If you are not familiar with the work of Financial Times columnist Lucy Kellaway, then we are sorry for you. Because she was brilliant, but she has gone. Gone because she has traded in a gig many journalists would sever their right arm for to become a high school math teacher—which shows that she is either one of the finest human beings on the planet or has a very strong leaning towards masochism. We'll leave you to judge which. Anyway, the real reason why we are featuring her in this edition is that Lucy has spent the last couple of decades highlighting the nonsense that so many business leaders spout on a day-to-day basis. So, in the hope that repeating some of the examples that she signed off with in her last article might save you from the embarrassment of putting your foot in your mouth in front of clients, employees or peers, here we go on our public spirited mission.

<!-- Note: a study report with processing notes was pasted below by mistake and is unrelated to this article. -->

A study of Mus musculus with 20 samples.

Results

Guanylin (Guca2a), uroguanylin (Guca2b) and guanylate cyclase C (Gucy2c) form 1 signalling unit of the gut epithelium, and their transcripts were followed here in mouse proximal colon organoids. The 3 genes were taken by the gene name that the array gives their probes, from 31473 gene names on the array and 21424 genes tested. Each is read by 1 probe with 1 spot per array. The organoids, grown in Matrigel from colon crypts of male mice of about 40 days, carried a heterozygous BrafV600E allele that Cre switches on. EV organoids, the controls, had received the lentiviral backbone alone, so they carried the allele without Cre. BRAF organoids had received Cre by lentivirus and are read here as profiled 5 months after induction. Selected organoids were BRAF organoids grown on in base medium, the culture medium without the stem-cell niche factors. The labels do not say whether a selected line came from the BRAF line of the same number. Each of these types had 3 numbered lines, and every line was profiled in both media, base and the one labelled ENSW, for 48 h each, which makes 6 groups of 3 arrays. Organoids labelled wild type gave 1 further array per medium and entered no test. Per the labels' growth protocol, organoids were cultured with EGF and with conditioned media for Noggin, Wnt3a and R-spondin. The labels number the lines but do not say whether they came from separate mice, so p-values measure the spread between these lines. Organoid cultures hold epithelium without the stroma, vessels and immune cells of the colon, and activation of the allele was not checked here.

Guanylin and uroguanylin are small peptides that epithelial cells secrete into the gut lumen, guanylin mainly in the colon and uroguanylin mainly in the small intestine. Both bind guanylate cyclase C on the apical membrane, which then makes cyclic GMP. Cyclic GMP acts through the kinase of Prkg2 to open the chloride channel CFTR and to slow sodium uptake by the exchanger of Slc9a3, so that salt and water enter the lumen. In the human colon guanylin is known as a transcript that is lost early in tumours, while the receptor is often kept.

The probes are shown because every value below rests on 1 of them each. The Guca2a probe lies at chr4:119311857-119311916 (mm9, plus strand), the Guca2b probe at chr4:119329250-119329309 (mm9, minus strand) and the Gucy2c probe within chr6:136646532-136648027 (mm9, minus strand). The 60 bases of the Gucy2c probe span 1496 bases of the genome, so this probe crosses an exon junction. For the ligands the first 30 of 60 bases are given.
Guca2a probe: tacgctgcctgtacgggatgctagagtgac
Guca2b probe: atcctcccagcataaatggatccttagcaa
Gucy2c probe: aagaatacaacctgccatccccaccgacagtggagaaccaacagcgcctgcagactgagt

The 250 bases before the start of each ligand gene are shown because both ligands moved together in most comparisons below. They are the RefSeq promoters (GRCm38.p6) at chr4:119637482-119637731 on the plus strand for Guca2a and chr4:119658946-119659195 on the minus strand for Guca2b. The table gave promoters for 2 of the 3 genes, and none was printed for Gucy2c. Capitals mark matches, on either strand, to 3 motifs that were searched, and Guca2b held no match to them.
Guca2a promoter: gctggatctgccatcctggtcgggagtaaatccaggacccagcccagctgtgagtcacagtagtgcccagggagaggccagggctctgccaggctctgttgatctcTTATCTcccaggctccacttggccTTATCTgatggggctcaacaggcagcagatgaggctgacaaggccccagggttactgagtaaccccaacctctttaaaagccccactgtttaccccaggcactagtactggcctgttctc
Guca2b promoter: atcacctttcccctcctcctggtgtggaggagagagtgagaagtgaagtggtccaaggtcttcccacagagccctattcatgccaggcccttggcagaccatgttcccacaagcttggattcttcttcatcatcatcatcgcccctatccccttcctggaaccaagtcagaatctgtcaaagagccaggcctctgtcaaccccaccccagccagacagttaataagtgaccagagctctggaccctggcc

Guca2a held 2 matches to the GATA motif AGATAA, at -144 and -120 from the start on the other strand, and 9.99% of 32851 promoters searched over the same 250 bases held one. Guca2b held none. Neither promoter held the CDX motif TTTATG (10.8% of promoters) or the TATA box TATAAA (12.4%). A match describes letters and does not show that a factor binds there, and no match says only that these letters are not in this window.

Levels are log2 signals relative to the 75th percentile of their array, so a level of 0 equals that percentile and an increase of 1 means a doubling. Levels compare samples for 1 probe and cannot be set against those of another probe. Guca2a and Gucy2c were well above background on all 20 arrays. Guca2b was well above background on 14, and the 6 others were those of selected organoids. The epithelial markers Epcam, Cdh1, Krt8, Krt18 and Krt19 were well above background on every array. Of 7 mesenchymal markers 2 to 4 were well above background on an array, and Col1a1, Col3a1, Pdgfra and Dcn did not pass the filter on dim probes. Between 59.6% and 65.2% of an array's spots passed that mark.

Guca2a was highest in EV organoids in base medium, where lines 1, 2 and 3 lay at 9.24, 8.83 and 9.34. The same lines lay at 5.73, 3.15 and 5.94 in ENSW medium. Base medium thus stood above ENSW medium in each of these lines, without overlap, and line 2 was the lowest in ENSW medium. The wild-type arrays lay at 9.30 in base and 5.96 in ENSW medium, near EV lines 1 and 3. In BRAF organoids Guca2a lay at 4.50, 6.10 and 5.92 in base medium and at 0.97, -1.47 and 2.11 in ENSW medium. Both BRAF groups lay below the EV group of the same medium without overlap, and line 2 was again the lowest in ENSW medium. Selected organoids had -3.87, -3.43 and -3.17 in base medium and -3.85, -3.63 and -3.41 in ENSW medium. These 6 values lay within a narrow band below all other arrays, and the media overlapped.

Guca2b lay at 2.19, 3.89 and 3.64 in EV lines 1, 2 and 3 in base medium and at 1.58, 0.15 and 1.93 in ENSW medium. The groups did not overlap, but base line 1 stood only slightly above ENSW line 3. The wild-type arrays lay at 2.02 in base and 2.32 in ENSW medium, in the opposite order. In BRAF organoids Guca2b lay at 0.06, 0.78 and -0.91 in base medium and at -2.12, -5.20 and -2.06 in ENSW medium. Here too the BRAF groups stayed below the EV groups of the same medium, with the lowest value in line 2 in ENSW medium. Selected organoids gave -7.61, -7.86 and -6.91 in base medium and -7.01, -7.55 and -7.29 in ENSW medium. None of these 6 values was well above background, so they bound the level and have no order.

Perhaps because she is off to do good in the world, some of Ms Kellaway's examples were kept anonymous. Take, for example, the unnamed investment management firm that described firing people as going "into the gym…inducing cell renewal and thus making the company fit for profitable growth." Which would obviously almost make you want to celebrate being unceremoniously shown the door. Or the well- known management consultancy that told its clients, "You have to appreciate that the milestones we have set in these swim lanes provide a road map for this flow chart. When we get to the toll gates, we'll assess where you sit in the waterfall…" Priceless.
However, when it came to two of her top favorites, it seems that she just couldn't resist giving credit where credit is due. So step forward Rob Stone, CEO of advertising agency Cornerstone, with "As brands build out a world footprint, they look for the no holds barred global POV that's always been part of our wheelhouse". And, of course, Angela Ahrendt in the Burberry annual report: "In the wholesale channel, Burberry exited doors not aligned with brand status and invested in presentation through both enhanced assortments and dedicated, customized real estate in key doors" (neatly described by Ms Kellaway as "the most mysterious sentence ever composed in the English language").
So remember: keep it simple, keep it clear.